Congratulations! You have a theme, or, you have considered the importance and the concept of theme. Either way, good job, you´re on the way.
Let´s move on to our next GUIDE, the one sentence story summary. We know what the theme of our story is. We wrote it down, we made billboards for it, we put the theme on t-shirts, our group leader has the theme tattooed on their head. Now we move on to the next thing that everyone involved should have stamped in their minds throughout the rest of the project, “The one sentence story summary.”
The one sentence story summary is just what it says. It summarizes the story in one sentence. Pretty basic ehhhhh (I learned ehhhhh from the Canadians down here in Vallarta, thanks).
The theme and the one sentence story summary sound a bit different when read aloud. The story in it´s entirety reveals the essence of the theme.
The one sentence story summary reveals the beginning, the middle and the end of the story ( of course this is all my opinion think, do and believe what you would like. Though there are volumes written from Ivory Tower sources, we all have our own views).
Examples of the one sentence story summary.
Here is my one sentence story summary for one of my all time favorite movies, “ET.” Who hasn´t seen ET.
An alien falls to the planet earth, meets a group of boys that learn to love and appreciate him, and the boys help him return to his home.
Ok. Is that one sentence. I strung it out with some commas and “ands” but you get the point. But you can see the story in the sentence, and you can see the beginning, middle and end there also.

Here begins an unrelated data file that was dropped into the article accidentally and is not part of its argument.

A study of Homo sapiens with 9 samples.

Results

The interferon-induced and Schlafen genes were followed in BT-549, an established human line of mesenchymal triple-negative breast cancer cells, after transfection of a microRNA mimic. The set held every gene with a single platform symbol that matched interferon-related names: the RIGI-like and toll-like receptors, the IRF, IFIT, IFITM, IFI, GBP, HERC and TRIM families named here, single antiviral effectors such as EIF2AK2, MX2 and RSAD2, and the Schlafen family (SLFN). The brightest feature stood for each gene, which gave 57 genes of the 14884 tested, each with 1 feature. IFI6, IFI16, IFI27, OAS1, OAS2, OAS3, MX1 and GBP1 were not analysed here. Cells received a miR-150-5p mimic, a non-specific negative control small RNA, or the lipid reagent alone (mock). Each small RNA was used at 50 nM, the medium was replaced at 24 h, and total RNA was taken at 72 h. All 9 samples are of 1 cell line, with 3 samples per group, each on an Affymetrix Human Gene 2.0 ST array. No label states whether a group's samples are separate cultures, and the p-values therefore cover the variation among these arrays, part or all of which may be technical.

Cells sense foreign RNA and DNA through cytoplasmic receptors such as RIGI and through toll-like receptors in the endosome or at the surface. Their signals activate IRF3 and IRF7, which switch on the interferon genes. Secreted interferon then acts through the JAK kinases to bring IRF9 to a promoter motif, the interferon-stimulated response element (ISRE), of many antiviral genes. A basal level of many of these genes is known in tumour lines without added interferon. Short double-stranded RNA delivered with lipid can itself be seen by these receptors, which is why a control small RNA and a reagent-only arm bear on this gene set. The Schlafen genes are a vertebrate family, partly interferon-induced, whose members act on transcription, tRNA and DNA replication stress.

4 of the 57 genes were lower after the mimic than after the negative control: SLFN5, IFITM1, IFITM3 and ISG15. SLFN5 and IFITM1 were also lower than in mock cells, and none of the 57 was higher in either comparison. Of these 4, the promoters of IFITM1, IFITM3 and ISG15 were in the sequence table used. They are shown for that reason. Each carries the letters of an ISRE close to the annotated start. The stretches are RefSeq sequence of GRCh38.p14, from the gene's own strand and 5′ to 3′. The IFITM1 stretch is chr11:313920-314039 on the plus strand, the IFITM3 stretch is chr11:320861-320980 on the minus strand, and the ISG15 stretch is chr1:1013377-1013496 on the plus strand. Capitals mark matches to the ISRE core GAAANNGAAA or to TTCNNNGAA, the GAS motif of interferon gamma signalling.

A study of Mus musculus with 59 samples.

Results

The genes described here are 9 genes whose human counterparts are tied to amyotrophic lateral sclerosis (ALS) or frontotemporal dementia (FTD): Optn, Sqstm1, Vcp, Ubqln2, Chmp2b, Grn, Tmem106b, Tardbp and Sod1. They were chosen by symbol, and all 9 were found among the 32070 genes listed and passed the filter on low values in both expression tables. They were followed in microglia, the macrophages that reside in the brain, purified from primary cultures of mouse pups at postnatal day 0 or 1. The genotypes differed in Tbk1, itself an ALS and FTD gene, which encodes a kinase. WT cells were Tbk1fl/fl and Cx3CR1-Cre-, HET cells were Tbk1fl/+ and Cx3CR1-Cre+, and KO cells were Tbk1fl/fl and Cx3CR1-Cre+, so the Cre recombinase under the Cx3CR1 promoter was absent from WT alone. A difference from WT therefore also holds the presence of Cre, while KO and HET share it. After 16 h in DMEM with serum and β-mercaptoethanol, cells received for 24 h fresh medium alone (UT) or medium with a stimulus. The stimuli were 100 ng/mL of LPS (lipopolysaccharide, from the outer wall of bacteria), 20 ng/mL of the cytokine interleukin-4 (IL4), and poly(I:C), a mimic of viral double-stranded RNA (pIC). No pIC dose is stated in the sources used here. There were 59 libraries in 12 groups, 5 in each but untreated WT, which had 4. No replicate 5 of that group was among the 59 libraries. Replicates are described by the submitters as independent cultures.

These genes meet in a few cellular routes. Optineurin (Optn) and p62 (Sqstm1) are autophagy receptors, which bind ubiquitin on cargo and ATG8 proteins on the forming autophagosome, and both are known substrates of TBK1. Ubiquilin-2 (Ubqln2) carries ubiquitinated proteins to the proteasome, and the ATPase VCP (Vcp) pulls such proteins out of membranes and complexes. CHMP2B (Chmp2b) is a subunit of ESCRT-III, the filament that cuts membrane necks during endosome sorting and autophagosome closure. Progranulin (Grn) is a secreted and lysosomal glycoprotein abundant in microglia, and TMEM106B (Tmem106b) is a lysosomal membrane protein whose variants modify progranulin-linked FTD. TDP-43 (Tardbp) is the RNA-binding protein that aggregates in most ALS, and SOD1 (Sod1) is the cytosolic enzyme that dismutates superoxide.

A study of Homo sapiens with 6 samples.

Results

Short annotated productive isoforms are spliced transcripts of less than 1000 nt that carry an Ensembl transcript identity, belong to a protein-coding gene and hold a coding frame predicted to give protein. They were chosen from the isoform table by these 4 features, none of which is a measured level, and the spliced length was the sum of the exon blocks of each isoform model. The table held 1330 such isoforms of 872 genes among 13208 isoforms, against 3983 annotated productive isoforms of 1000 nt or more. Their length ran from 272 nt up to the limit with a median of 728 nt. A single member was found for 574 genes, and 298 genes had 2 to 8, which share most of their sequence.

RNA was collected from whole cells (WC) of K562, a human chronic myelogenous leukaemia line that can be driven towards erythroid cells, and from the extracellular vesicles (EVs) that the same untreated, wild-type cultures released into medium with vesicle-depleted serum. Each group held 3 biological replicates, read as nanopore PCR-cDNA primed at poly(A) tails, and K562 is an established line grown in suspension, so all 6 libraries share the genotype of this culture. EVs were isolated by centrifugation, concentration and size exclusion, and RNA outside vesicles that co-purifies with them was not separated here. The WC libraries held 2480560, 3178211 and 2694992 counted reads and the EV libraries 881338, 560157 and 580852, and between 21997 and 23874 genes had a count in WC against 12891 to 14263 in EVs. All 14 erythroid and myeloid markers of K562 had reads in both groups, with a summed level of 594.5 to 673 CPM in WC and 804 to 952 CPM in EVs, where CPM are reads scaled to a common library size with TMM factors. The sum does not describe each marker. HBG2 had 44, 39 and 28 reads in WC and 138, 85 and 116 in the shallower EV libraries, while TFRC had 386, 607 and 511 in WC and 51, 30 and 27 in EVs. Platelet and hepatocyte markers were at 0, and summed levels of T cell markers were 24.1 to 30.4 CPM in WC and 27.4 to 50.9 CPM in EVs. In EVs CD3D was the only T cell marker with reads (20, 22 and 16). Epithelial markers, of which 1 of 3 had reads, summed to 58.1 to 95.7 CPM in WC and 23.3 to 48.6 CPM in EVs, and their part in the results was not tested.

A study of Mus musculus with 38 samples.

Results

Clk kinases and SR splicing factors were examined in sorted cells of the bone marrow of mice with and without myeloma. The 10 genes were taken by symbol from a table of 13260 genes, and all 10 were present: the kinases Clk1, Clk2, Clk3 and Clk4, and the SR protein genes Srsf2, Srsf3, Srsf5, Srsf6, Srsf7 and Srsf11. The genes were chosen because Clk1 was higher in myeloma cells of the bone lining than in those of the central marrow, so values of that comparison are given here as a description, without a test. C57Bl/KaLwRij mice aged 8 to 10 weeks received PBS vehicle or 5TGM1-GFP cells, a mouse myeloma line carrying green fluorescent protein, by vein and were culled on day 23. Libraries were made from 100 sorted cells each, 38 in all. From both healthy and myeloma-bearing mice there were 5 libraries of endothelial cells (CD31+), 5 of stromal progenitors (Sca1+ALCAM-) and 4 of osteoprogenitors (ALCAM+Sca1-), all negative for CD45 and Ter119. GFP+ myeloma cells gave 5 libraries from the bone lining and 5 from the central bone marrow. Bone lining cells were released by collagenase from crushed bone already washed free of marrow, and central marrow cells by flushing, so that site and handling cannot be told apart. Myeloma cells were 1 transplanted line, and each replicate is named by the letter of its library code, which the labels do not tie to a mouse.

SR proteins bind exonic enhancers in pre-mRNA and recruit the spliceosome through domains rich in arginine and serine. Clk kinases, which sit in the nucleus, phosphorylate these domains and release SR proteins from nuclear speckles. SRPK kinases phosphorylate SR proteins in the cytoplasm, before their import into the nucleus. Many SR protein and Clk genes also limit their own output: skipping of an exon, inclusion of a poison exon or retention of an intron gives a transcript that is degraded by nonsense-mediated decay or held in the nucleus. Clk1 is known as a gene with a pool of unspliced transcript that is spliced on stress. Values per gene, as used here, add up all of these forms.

Here is my one sentence story summary for my book, “The Last Book.”
A boy hates to read, finds out the joy of information when combined with imagination and becomes a reading enthusiast, helping all of his friends enjoy the magic of reading.
Again, I really stretch this sentence out in every way I can to get the whole story in there, but you get the point.
This is the beginning of the writing project. You and your students may not know the names of the characters, and that is not important. In the ET example, notice the term alien is used and not ET. In the reference to “The Last Book,” notice “a boy” is used as opposed to the characters name, “Sillybilly.”
At this point in the project, names, gender, age, location, political affiliation, or shoe size are not the issue. Those are just the salt, pepper, cheese, avocado and onions that bring out one sentence story to life.